During the ancient régime of Louis XIV and XV, composers in Paris were active in providing both the court and church with impressive works that were solemn and festive. Of course, the court favored opera in the fashion of Jean-Baptiste Lully, with its own stable of court musicians beyond Lully’s demise in 1687 being ever more aware of the pomp and circumstance that characterized Versailles. As instrumental music grew in fashion, the Couperins and others exercised their talents in developing works that were both entertaining and pedagogical, publishing them for public consumption. Church music, on the other hand, seems to have taken a back seat. Marc-Antoine Charpentier, for example, lavished his considerable abilities on sacred music, but everyone knew he really wanted to compose for the stage. The church provided him with a day job, but commissions beyond gave him prestige and renown. Given the centrality of the French court, it is not unexpected that composers from outside the capital were drawn there, but had to be satisfied with lesser positions, often in the chapels around town. These posts offered remuneration, allowing them to follow down that often tortuous path toward recognition.

Of these, perhaps the least known is André Raison (c. 1650–1719), who probably hailed from Nanterre, not far from Paris. Although he gained a reputation as a fine organist, perhaps the best in France, he remained satisfied with a post at the Church of St. Genevieve for the bulk of his life. He was known for publishing two books of organ music, one in 1688 and the second in 1714, both dedicated to the Royal Court, but he led a modest if comfortable life. Here, his two Kyrie intonations are presented. Both are brief, succinct, and simple, a reflection on his personal position. Not so Pierre Bouteiller (c. 1655–c. 1717), who was the director of church music at Châlons-sur-Marne. He had come there from Troyes, but a chance meeting with Sébastien de Brossard (1655–1730) apparently led to him attempting to improve his lot by moving to Paris. There he gained a reputation not as a composer, but rather as an instrumentalist, and eventually he obtained a post with Philip V, the Bourbon King of Spain. Returning to France a few years later, he vanishes from history about 1717. His last work was as a private teacher and musician. Little of his music has survived—a bare 13 small motets and a Requiem Mass—and that only because Brossard was able to obtain them during their brief encounter. (There is no doubt that he wrote much other music which has not survived.) These were recorded on Atma Baroque by Les Voix Humaines back in 2005, but here the Requiem serves to fill out the various Brossard pieces in a program from this time. The Mass is quite harmonious and outlines the text with broad sweeps of choral grandeur. For example, the Domine Jesu Christe begins with a simple duet declamation before suddenly expanding out into a gigantic homophonic chorus. The lines are of limited range, but the voicing is spaced to create a large-scale resonance. The Lux aeterna is gentle and flowing, with the same full-bodied ambience, but here with the occasional echo effects. It is a solemn and yet powerful work.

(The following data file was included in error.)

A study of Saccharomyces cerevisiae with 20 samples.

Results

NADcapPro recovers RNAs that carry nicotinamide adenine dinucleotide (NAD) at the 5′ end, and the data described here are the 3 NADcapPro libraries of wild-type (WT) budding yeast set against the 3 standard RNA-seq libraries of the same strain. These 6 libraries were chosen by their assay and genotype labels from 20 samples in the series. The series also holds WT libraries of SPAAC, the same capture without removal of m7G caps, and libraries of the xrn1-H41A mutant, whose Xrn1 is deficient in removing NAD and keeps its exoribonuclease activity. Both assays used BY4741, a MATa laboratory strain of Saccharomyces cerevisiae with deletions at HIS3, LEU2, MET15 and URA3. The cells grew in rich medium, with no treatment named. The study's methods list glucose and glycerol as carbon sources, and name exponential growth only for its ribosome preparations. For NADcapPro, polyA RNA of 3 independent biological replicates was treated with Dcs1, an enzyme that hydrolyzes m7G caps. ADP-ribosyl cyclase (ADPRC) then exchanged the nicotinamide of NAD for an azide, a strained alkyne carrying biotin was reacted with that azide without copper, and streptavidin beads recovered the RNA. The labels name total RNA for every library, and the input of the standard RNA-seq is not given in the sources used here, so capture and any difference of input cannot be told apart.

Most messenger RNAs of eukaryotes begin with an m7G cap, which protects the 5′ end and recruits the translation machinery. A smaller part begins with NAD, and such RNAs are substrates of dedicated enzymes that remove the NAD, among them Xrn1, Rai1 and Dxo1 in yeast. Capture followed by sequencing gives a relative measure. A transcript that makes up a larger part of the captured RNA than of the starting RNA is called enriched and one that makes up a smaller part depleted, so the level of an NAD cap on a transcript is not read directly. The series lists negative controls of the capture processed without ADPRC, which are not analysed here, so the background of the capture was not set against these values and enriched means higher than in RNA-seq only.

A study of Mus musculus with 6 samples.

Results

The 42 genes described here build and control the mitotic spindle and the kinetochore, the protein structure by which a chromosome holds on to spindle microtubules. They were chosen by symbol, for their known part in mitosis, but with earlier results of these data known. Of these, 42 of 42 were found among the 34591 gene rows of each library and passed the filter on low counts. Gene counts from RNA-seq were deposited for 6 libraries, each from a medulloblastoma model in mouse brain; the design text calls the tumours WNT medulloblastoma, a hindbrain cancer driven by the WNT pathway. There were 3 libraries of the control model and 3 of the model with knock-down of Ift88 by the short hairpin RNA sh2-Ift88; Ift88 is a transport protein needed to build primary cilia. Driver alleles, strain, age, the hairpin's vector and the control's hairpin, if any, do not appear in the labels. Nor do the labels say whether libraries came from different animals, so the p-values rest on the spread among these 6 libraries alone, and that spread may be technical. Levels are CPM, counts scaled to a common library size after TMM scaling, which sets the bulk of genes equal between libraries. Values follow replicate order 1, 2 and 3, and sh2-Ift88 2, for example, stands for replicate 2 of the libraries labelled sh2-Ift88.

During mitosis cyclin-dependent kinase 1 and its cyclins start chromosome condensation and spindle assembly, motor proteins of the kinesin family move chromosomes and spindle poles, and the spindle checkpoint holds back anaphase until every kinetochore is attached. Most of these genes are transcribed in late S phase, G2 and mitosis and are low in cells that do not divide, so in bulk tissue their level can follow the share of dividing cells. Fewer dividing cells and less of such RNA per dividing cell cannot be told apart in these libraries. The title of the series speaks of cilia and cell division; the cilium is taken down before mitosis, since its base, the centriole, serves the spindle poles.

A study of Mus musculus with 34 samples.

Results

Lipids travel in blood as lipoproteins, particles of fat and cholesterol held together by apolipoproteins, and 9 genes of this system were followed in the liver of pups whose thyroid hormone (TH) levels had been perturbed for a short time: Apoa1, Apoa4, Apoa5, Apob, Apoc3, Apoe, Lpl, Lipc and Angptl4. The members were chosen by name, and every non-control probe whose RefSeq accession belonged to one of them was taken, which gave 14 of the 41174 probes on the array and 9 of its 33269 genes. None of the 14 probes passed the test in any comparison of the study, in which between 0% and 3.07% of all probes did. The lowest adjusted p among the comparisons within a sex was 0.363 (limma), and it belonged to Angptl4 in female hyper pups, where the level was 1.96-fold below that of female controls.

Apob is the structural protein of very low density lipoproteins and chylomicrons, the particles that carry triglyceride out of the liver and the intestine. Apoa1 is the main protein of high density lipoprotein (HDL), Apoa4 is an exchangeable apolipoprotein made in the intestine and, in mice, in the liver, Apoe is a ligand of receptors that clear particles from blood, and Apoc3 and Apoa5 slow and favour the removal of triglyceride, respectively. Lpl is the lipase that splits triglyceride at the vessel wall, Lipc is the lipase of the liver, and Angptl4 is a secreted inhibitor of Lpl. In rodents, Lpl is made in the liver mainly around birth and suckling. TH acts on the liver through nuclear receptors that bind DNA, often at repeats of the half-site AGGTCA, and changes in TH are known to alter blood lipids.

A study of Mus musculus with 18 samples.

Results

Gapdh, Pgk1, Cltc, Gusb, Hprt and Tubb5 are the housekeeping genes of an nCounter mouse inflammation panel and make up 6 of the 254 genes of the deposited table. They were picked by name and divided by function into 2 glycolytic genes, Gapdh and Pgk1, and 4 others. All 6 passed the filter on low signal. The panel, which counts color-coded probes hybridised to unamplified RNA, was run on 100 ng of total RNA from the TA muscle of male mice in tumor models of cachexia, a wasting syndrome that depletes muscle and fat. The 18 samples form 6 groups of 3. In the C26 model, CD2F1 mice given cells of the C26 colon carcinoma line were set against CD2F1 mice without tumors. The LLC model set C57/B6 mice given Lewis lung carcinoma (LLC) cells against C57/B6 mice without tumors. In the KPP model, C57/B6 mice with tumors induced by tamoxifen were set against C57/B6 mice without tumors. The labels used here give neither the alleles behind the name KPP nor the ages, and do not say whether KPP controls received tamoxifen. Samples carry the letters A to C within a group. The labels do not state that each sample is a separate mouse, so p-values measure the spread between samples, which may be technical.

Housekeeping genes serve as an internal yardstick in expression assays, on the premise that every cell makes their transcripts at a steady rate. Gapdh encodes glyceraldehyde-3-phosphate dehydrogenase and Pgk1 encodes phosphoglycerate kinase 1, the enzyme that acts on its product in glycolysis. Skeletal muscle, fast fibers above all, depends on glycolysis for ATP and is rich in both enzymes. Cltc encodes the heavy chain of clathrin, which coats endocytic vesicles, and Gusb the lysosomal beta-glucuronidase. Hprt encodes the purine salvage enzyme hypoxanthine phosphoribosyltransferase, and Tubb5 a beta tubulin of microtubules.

Brossard’s music is better known, though his real claim to fame rests upon his musical dictionary published in 1701. Originally from Caen, he arrived in Paris in 1678 and spent the next two decades or so in or around the city. In 1687, the composer, a priest, was sent by Louis XIV to Strasbourg on a religious mission, and over the next decade he wavered between Paris and Alsace, all the while publishing several collections of works. He failed to obtain a musical post at Sainte-Chapelle in 1698 and was passed over by Charpentier. Instead, he retired to Meaux, where he spent the remainder of his life.

Brossard’s music is typical of the French fashion of the time, generally for solo voices with choral interludes, all held together by a basse continue. The Miserere is strophic, with an intonation by the solo soprano followed by a choral refrain. The larger Stabat Mater, on the other hand, is a more expansive work. The choral portions are large and expressive, while the solo work moves at a sedate pace. For instance, the Cujus animam has a flowing bass, succeeded by a solemn and lyrical quartet, O quam tristis. In a major key, it relies upon suspensions and a kaleidoscopic texture to impart the mood. The Fa cut ardeat is more virtuoso, and here the continuo moves right along in this short exposition. The final fugue at Quando corpus both ornaments the final line and provides a suitably complex finale.

The performance by Les Arts Florissants is excellent. The tempos keep the music lively, and conductor Paul Agnew knows how to use the often sedate phrasing to enliven the lines. The continuo playing is wonderfully supportive, though never intrusive, and the textures are used judiciously to give these works depth and solemnity. In short, this is one disc that is well worth obtaining; it demonstrates the quality and complexity of sacred music of the French Baroque without undue pomp and circumstance.